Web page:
Content is fast reaching the point where it’s a commodity on the web, like corn in the agricultural world: there are different kinds of corn, but pretty much everwhere you go, a given kind of corn sells in a pretty narrow price range. In a way, this is great for businesses who want SEO content, because they know pretty much what they’re getting based on how much they pay.

If you shell out only $.005 per word, you’re getting someone who has never seen a native English-speaker and who types for 12 hours a day on her 1998 Macbook while her husband is out harvesting rice. If you’re willing to pay a full penny per word, you get either the same person from before but with a half-decade of experience under her belt, or you might get the occasional native English speaker who is just getting started writing and whose best trick is to rephrase EZineArticles for content.

Once you get into the $.03-.05/word range, you’re starting to see glimmers of quality, and you can find the occasional diamond in the rough. Double that, and you have people who know how to create content rather than just write. What’s the difference? Preparation.

Content creators start a long, long time before they open up their word processors. They start by researching their client, learning what they do, who they do it for, and who they could be doing it for (but currently aren’t.) They look at their client’s competition, who their competition is targeting, and for market segments that are waiting to be exploited.

Then, they find where those market segments are hanging out online, and they stalk them for a few days, immersing themselves in the culture so that they can ‘talk the talk’. They look at what kind of content these folks are sharing, pinning, and tweeting so that they know what kind of content gets their attention the most.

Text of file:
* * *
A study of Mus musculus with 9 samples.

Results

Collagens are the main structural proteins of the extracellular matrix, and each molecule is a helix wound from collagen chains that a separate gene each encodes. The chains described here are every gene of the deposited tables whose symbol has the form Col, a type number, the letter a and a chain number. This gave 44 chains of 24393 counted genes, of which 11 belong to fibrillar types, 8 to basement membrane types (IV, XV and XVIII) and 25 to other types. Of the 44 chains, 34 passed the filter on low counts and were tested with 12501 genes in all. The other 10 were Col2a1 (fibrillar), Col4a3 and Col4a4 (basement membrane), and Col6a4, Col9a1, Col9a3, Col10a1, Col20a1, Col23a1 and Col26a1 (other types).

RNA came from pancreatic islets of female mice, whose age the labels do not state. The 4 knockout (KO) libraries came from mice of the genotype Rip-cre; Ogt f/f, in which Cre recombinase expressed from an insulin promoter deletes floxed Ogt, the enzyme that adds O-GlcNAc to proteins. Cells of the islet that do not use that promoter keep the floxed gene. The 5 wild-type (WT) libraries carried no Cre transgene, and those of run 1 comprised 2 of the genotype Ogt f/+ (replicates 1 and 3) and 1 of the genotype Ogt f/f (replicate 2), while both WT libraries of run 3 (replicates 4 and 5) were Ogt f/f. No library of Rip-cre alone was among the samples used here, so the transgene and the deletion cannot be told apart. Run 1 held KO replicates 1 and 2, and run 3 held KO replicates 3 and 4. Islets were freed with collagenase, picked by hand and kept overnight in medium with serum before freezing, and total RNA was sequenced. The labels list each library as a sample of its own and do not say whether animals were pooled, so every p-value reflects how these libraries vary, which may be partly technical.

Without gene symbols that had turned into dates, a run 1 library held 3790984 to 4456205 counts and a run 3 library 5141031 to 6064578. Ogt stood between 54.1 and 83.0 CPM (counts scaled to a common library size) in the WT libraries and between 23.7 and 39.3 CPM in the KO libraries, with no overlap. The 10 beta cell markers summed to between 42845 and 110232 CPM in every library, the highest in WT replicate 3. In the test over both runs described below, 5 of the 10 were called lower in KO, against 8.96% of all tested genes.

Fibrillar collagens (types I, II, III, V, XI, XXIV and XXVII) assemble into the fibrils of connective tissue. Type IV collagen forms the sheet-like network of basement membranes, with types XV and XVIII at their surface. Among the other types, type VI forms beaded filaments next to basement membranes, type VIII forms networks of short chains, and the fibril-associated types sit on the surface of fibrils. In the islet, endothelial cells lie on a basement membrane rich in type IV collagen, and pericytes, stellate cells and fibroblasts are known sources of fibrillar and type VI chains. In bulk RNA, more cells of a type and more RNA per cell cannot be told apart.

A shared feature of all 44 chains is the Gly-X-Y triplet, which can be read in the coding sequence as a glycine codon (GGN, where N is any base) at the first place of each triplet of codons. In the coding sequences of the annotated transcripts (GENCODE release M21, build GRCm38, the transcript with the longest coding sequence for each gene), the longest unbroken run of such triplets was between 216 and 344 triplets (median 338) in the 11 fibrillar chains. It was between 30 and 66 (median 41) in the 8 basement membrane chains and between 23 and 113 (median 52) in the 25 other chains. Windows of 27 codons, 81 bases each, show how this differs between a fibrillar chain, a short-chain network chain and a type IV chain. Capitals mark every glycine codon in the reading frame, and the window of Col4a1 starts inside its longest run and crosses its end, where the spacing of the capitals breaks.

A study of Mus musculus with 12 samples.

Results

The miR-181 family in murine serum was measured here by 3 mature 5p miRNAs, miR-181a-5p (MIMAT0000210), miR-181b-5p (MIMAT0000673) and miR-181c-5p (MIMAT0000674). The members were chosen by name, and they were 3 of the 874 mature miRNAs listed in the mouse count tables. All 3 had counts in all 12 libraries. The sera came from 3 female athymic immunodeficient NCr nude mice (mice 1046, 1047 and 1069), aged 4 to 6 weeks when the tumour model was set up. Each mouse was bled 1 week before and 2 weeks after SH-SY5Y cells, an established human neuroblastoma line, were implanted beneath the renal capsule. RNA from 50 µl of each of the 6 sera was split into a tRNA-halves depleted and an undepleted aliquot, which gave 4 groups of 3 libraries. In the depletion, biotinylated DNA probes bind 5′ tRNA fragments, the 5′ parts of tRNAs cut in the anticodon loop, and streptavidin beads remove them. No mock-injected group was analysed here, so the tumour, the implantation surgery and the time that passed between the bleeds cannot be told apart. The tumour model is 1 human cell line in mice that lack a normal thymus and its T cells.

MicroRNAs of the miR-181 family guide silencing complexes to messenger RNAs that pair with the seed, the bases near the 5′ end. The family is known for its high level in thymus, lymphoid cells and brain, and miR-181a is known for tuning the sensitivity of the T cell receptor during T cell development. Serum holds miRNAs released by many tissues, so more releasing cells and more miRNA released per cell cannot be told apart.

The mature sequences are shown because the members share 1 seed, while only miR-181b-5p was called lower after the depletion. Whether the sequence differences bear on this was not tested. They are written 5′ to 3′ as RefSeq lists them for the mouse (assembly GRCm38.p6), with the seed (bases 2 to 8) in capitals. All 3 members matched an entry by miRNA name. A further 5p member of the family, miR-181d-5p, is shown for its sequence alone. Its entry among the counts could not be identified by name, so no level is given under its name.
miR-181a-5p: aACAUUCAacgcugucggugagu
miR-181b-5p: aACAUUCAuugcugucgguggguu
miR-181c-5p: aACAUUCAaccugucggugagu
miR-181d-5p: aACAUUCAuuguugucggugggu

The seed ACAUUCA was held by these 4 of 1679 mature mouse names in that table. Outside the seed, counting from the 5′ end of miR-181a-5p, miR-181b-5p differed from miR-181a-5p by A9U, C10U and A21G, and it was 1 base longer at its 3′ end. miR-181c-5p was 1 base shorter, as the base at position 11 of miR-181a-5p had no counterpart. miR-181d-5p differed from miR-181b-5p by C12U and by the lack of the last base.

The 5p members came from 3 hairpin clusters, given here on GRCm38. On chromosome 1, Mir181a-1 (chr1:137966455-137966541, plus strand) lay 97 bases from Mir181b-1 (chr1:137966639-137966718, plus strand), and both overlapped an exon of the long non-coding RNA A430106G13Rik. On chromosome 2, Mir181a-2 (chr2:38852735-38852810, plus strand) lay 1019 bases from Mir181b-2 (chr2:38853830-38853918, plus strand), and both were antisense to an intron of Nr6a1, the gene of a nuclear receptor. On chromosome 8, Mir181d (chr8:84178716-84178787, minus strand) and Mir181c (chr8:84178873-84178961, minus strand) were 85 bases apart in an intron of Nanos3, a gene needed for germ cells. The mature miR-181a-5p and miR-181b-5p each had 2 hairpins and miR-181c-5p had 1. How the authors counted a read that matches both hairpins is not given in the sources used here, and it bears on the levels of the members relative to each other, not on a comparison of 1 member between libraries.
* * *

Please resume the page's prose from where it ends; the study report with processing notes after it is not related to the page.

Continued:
If they’re working with — or are themselves — a social marketer, they’ll put out some feelers to find a few of the best-connected people amongst their target segment and ask those people politely if they’ll spread the word about the upcoming content before it’s written so that when it hits, it has the best chance of getting some mentions right away.

Only then will the content creator sit back and actually produce the content. This is usually the shortest part of the process (though often the most intense). A good content creator might rewrite an entire piece 3-5 times until it fits into the mold established by the market segment — and will often write a few hundred headlines and choose the one that seems like it will have the best impact on the crowd they’re targeting.

If the client is a regular, the creator might even ask to see the hits, clicks, conversions, and sales metrics that the content generated. After all, that’s how you know what you did right and what you can do better next time. Total time spent: just about a week. Total time writing: maybe a few hours. Results: speak for themselves.

That’s why we say writing isn’t creating content — because there’s so much more to the process than just putting words in order.